Bids & Pieces
Come 28 and 29 November, some of the rarest timepieces in luxury watchmaking could be yours to own. Phillips Auctioneers, in association with Bacs & Russo, presents Rolex Milestones and the Hong Kong Watch Auction: Three, two highly anticipated auctions offering Grail watches as the Patek Philippe Skymoon Tourbillon, a host of vintage Rolex Daytonas, and – appearing for the very first time on the auction scene – the legendary Simplicity watch by watchmaking independent, Philippe Dufour.
Bid online, on the Phillips Auctioneers app, or in person at the Mandarin Oriental Hong Kong.
Sam Hines, international head of watches and deputy chairman of Asia for Phillips, shares some tips on how to score that dream watch of yours, along with his top picks.
Tell us more about Rolex Milestones.
This is Phillips’s first themed auction for Rolex. We wanted to do it because everybody is always talking about Rolex and we thought it would be great to do something like this in Asia.
What qualifies a Rolex as rare or important?
We consider factors such as scarcity, condition, freshness to the market, functions it has amongst others. With vintage Rolexes, the most important consideration is the timepiece’s condition.
Why are Rolexes so valuable?
The company is very smart in that they don’t interfere with the vintage segment, so the collector plays a huge part in determining the value of the watches. Plus, collectors fervently buy pieces to “out-collect” their friends. And there’s so much depth of history as well.
What advice would you give to Rolex bidders?
Leave the watches as they are, servicing only the movement. Leave the case, dial, and hands alone, keep them as original as you can. Do not polish the case, as it becomes thinner, loses its original shape, and reduces the original proportions.
What advice would you give to first-time bidders?
I would suggest absentee bidding. This is where you give a number to the auction house and then wait for the news. It’s unemotional; you just decide on a budget and leave it at that. I’ve had first timers do telephone bidding and get completely carried away, spending double of what they planned. Also, try to buy the very best quality you can. Don’t try and save $10,000 to buy a lesser example because knowledge is always increasing, and great quality pieces will continue to go up in value.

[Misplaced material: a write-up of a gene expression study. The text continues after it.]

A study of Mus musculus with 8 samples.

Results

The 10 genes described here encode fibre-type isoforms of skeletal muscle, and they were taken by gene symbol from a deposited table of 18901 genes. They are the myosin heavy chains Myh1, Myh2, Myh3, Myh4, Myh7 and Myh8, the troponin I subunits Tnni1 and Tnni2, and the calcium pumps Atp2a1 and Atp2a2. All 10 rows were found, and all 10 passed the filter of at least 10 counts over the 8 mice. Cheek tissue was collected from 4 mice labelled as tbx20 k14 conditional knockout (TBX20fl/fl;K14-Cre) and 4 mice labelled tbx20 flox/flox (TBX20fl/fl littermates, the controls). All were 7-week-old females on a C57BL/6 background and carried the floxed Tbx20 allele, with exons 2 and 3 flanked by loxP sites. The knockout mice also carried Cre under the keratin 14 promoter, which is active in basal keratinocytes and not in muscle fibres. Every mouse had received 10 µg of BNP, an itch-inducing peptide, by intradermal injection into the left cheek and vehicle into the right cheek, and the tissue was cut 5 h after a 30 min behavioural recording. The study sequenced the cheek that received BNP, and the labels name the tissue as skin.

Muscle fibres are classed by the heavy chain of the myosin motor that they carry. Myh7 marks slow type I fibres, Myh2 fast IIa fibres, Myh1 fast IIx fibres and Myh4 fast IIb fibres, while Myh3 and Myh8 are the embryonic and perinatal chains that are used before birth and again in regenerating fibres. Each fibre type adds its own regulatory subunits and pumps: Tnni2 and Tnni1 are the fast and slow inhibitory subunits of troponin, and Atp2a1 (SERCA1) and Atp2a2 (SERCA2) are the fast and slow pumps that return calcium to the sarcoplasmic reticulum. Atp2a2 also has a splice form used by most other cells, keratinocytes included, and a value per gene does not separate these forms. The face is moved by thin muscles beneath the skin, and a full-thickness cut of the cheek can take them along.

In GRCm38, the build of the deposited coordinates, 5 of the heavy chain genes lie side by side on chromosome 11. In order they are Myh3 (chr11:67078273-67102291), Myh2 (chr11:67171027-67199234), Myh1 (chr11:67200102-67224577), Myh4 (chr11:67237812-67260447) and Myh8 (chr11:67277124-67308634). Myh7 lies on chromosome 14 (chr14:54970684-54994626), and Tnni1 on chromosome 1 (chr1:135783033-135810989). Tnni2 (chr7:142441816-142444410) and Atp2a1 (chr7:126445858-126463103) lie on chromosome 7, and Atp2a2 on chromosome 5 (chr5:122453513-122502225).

Is it true that brands found at auctions are inherently more valuable?
Not really. Sometimes watches appear because brands discount them and dealers looking to make money buy them to resell at auctions.
How has the auction market grown?
Auctions account for about US$300 million (S$424.29 million) in watch sales last year. We’re talking about 10,000 watches sold. It’s a huge market now.
Have the estimates for Patek Phillipes been moving upwards?
Yes. For top quality vintage and rare pieces, complicated pieces, the sky’s the limit. Discontinued models are also getting popular.
Tell us more about the independent brands.
We have a Roger Smith Series 2 with beautiful co-axial escapement and traditional dial with chaptering. It’s very unique as it’s hand made, and only five pieces were made. Then there is Philippe Dufour’s Simplicity, one of the early ones, in great condition. The hand finishing is simply amazing. This is the first time I’m selling a Philippe Dufour and Roger Smith. It would be interesting to see how they perform since they’ve never been on the market before.
Why should one buy contemporary watches from auctions?
For some watches, you simply cannot get (them outside auctions). For others, you benefit from the five-year guarantee. Plus, you would pay market price, not above market price, since we don’t have that retail mark up. If a watch retails at US$10,000 (S$14,000), you may be able to find it at auctions for USD4,000 (S$5,660). We base our estimates on past examples sold and what the market is looking for.
Hines’ Top Picks from the Rolex Milestones auction
Lot 801: Stainless steel Rolex Explorer ref. 6350
Estimate: US$12,500 – US$25,000 (S$17,680 – S$35,360)
Hines: “This watch was the first Explorer from 1953. It’s completely original. It’s got the thin pencil hands, honeycomb dial, and in really great shape.”
Lot 805: Stainless steel Rolex Submariner ref. 6536/6538
Estimate: US$60,000 – US$120,000 (S$84,860 – S$169,715)
Hines: “Rolex collectors love transition models. This one has the red depth rating, original dial, original lumes, and small crown. The case also has the original bevels.”
Lot 807: Stainless steel military Rolex Submariner ref. 5513/5517
Estimate: US$80,000 – US$160,000 (S$113,140 – S$226,290)
Hines: “This is a double reference, and made for the military. Its bezel is calibrated to 60 minutes. It’s got fat sword hands for legibility, a non-reflective matte finished case, and soldered lugs.”
Hines’ Top Picks from the Hong Kong Watch Auction: Three auction
Lot 949: Platinum Patek Philippe Nautilus ref. 5711
Estimate: USD80,000 – US$120,000 (S$113,000 – S$170,000)
Hines: “For about five years, Patek Philippe made this platinum example for very select clients. We believe they made between 30 to 50 pieces.”
Lot 1011: Pink gold Patek Philippe ref. 5004 formerly in the collection of Eric Clapton, CBE
Estimate: US$300,000 – US$600,000 (S$424,330 – S$848,670)
Hines: “This is an incredible example fitted with the highly sought after and rare black tachymetre dial and applied pink gold Breguet numeral at 12 o’clock. It’s also in outstanding condition.”
Lot 1002: Platinum Patek Philippe Skymoon Tourbillon ref. 5002
Estimate: US$850,000 – US$1.2 million (S$1.2 million – S$1.70 million)
Sam Hines: “Incredibly made, double dial… I think the Skymoon Tourbillon is a lot rarer than people think because you can count with one hand how many times you see it at auctions.”